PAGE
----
Let’s (try to) create a video game
How will I earn the ten points for the Digital Media, Culture and Society course? A question that all students of this course are working on. If you can write well, then the choice to make ten blogs is obvious. Maybe you have had a YouTube channel in the past (or in the present) and you decide to edit one or more videos. The main question is how you want to convey your message. I would like this via interaction between my product and the user. An Interaction that I want to achieve through a video game.
Why do I want to develop a video game for this course? Firstly, with my video game I want to give more context to the subject of digital media. I wanted to show the most important developments in the history of computers in a diachronic way, through mini-games. On the advice of Dr. Mol, I decided to first develop one mini-game. This makes it clearer and afterward, even more mini-games can be added. I am currently investigating, on the basis of both written and digital sources, which significant development is best suited to mutate into a mini-game. Secondly, I already have some experience of producing video games. A relatively easy program to develop video games is GameSalad. Here you can develop games in an intuitive way, without having too much knowledge about programming (link with examples of games produced with GameSalad below). Finished projects can be uploaded online. Finally, as indicated earlier, I want to incorporate an interactive aspect into my project. A video game is perfect for that.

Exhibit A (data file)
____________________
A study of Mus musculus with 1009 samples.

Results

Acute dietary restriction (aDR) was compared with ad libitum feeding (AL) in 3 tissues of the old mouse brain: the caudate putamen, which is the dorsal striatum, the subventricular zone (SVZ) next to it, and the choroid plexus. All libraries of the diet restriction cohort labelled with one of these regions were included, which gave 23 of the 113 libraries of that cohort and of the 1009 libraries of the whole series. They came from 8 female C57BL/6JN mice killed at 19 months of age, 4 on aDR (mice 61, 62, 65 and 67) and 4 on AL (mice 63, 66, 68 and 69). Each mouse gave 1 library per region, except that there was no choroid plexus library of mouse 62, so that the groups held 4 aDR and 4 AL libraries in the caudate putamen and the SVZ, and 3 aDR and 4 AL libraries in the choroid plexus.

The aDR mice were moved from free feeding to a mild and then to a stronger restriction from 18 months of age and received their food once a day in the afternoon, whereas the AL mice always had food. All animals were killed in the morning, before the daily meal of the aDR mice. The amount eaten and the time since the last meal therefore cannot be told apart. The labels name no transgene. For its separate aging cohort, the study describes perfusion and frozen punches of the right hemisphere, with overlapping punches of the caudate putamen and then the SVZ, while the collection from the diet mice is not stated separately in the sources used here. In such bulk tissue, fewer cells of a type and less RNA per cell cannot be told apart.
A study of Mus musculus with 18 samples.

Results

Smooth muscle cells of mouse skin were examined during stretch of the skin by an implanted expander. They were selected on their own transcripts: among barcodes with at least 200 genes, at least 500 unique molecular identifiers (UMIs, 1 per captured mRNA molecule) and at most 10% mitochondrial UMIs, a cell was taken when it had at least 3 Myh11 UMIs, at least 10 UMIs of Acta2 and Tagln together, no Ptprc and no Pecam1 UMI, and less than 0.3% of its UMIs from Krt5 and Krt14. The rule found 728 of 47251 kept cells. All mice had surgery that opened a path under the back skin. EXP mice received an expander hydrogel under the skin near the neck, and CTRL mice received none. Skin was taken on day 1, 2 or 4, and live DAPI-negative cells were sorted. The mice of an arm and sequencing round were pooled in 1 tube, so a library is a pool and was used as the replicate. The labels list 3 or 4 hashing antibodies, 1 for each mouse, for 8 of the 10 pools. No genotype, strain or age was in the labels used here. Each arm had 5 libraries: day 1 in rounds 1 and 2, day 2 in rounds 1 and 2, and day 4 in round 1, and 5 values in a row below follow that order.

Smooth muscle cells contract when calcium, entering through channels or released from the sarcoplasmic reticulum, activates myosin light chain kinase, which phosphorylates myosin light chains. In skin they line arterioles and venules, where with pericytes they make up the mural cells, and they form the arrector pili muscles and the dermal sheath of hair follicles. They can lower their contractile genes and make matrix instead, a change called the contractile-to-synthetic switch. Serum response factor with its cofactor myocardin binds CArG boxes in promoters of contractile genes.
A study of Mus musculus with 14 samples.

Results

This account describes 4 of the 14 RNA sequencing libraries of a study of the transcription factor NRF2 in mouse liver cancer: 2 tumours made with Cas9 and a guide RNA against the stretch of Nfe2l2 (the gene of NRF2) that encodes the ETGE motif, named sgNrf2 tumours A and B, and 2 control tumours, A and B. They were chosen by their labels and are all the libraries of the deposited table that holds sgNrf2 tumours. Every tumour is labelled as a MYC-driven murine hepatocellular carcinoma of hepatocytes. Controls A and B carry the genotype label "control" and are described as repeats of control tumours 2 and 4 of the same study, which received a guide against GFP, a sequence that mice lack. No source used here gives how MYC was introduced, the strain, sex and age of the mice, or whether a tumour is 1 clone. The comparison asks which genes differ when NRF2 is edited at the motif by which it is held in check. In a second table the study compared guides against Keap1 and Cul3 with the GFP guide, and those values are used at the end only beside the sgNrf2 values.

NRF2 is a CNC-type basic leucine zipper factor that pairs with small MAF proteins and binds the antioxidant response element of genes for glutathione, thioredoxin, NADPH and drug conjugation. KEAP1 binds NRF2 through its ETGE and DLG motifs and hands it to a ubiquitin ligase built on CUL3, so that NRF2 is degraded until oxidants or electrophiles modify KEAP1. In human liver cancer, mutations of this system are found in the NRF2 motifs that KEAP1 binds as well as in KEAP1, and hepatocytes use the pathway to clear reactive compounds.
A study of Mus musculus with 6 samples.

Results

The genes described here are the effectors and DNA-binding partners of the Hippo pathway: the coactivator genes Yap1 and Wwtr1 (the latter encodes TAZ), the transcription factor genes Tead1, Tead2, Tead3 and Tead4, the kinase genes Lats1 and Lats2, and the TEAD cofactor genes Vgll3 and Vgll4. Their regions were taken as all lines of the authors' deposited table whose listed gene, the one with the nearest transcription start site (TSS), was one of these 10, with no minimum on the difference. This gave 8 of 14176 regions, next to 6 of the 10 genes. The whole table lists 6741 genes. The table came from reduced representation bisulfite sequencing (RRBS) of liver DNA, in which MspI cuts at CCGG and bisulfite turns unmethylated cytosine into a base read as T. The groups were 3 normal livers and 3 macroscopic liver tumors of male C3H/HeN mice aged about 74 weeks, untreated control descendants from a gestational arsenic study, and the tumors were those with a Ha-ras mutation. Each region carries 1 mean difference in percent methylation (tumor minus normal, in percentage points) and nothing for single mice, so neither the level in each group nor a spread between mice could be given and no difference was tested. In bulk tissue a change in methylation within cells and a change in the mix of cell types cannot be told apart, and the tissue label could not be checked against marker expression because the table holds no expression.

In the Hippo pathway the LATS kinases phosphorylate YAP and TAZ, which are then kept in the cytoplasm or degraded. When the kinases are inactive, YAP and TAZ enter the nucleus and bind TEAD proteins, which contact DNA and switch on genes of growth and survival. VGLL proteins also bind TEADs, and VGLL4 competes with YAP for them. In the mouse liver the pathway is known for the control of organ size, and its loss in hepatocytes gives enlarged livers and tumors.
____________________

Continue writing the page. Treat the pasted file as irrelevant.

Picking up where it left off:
Now the main question is how I want to present my video game to you. Just like songs, a video game has its own genre. Each genre tries to address certain gamer thoughts and emotions. Research has shown that people mainly play video games because it is fun (see figure). This could explain why Super Mario Bros (and countless sequels) is still hugely popular after 34 years. However, the experience of whether you like something is subjective. Maybe you don’t like jumping on turtles or sliding through pipes and looking for something else in a game, such as a deeper message. A good example of this is the game Dys4ia. This is a game about the personal experience of someone who wants to change gender (link to the game down below). In this game gameplay is more in the background and it is mainly about transferring a message. This balance, of gameplay and message, may be difficult to achieve in a video game. My video game for this course must contain an educational feature. It is obvious to say that the message is more important than the gameplay. But what do you think? Would you prefer to play an educational game that has a lot of gameplay or is more focused on transferring information? Let me know in the comments section below.
Figure 1 – Reasons for playing video games
Nielsen Games, Video Gamers in Europe – 2008 (Brussel 2008) 8.
Every two weeks I will upload a blog with the progress of my project. The purpose of my blogs is to share my experience of developing a video game with you, both positive and negative experiences. Your interim (critical) input is greatly appreciated.